Newcastle’s Top Divorce and Family Law Specialist, Joanne Major comments in the Tyne Valley Express
It’s usually around now that there’s a grudging acceptance that summer is over: the light changes; the air smells different; and thoughts turn to autumn, with the leaves turning on the trees, and the nights drawing in.
Whilst autumn is often seen as a time of ending, for some it’s a time of new beginnings, particularly for those preparing to go to university for the first time. It’s a time of excitement, trepidation, and often tears from parents who are faced with returning to an empty nest for the first time in many years.
Interestingly, empty nest syndrome has been cited as one of the reasons that divorce in the over 60s has risen in recent years. Divorce statistics produced by the Office for National Statistics show that whilst the overall number of people getting divorced each year has continued to decrease since the 1990’s, the number of people aged 60 years and over divorcing has risen significantly during this period, by as much as 73%. The baby boomers are becoming silver splitters!
With the children having grown up and moved out and with time on their hands together following retirement, mature couples are finding that not only do they have less in common than they thought, but that they are not prepared to simply tolerate each other once their family has moved on. With many people remaining active for longer, some are seeking to make the most of a time in their life without familial ties and with a level of financial certainty.
Despite the average length of marriage of divorcing over 60s being over 27 years, it seems that is no longer a bar to starting over. It has been suggested that the lessening stigma of divorce contributes to this rising trend, as does the increased financial independence of women.
Ros Altmann, Director General of the over-50s group Saga, said: ‘This is more proof that life is really changing for the over-60s and for many it’s the start of the next phase of their lives, not the end of their life as people in the past were often led to expect”.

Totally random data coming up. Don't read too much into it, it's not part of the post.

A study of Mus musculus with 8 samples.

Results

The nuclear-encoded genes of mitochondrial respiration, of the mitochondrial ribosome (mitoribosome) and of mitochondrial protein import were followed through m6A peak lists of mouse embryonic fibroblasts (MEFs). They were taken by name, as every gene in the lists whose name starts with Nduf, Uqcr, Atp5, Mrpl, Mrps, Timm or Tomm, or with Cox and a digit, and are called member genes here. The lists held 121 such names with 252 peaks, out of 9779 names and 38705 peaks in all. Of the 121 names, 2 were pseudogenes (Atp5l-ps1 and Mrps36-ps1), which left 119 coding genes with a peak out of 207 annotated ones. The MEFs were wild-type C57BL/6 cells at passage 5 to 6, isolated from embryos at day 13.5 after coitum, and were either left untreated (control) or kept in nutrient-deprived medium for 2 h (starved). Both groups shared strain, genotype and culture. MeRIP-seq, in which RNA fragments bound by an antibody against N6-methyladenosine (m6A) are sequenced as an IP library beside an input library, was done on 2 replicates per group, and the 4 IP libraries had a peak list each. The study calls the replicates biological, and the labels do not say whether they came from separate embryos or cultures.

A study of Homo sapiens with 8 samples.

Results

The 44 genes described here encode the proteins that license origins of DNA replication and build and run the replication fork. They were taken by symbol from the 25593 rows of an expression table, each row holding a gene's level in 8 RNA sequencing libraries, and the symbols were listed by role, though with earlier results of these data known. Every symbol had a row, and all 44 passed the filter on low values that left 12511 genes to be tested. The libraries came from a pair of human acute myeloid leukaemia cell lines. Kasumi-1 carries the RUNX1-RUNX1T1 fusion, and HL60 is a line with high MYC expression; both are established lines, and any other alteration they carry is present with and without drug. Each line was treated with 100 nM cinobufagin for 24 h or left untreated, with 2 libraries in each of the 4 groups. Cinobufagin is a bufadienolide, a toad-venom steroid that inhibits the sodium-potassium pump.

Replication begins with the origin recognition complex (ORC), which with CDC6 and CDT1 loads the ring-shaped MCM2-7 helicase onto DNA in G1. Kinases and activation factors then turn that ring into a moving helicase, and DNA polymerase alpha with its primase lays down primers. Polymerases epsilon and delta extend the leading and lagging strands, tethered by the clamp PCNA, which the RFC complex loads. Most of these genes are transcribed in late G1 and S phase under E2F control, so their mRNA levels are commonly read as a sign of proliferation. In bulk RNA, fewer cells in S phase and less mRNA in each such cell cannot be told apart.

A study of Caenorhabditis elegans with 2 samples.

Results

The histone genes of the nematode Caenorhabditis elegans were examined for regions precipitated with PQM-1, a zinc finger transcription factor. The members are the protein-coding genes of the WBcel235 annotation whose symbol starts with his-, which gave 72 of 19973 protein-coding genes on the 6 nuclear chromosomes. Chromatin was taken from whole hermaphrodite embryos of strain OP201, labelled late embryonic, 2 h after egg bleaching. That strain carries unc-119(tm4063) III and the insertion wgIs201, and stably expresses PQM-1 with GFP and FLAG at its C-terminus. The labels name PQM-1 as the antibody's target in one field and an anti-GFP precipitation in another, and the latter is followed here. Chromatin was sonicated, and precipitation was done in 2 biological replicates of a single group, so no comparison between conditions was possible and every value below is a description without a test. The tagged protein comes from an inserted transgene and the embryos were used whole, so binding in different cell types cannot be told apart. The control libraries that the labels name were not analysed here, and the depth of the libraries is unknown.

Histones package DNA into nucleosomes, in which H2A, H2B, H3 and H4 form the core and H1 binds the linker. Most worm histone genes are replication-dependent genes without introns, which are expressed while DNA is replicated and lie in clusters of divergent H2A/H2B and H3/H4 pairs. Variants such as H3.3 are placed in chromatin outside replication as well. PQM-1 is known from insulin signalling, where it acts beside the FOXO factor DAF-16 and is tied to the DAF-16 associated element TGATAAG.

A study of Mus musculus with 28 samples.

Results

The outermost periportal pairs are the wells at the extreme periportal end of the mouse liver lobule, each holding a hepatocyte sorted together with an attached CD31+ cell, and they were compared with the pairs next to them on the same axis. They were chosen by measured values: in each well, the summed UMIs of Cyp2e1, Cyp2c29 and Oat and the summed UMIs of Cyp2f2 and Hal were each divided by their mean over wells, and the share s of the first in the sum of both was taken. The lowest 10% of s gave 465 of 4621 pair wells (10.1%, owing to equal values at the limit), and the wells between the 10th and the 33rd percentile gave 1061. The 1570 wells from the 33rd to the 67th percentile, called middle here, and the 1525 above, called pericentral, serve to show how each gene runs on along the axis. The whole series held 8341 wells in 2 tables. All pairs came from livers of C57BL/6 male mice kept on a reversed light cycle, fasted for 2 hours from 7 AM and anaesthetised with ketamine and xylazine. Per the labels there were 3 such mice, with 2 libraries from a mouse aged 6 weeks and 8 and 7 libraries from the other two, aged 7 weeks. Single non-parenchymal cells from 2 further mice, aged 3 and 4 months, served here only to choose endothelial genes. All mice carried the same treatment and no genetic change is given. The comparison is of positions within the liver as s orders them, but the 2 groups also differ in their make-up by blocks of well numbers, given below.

And it’s true that as a nation we are living longer. Therefore, the overall number of people over 60 is increasing. Increased life expectancy would tend to show that marriages are now more likely to end in divorce and less likely to end by the death of a spouse than in 1991.
Whilst this trend may fly in the face of our preconceptions, it is nevertheless a reality which needs sensitive and expert handling. For some, it can leave at least one of the parties feeling vulnerable and lonely and seemingly ill-equipped for single life at a mature stage in life. Dividing possessions and starting again can be deeply traumatic after so many years as part of a couple.
As with everything, a situation which is not going to go away is best faced with an armoury of information and options. Knowing how to source support on a legal and financial level, and more importantly, on an emotional level is key to moving on. We recognise that at Major Family Law and have a number of services specifically designed to support you and ensure that you are able to start a new chapter with confidence.
Joanne Major is owner of Major Family Law, the Divorce and Family Law Specialists, Ponteland, Newcastle Upon Tyne. Twitter@majorfamilylaw
Tel: 01661 82 45 82 www.majorfamilylaw.co.uk.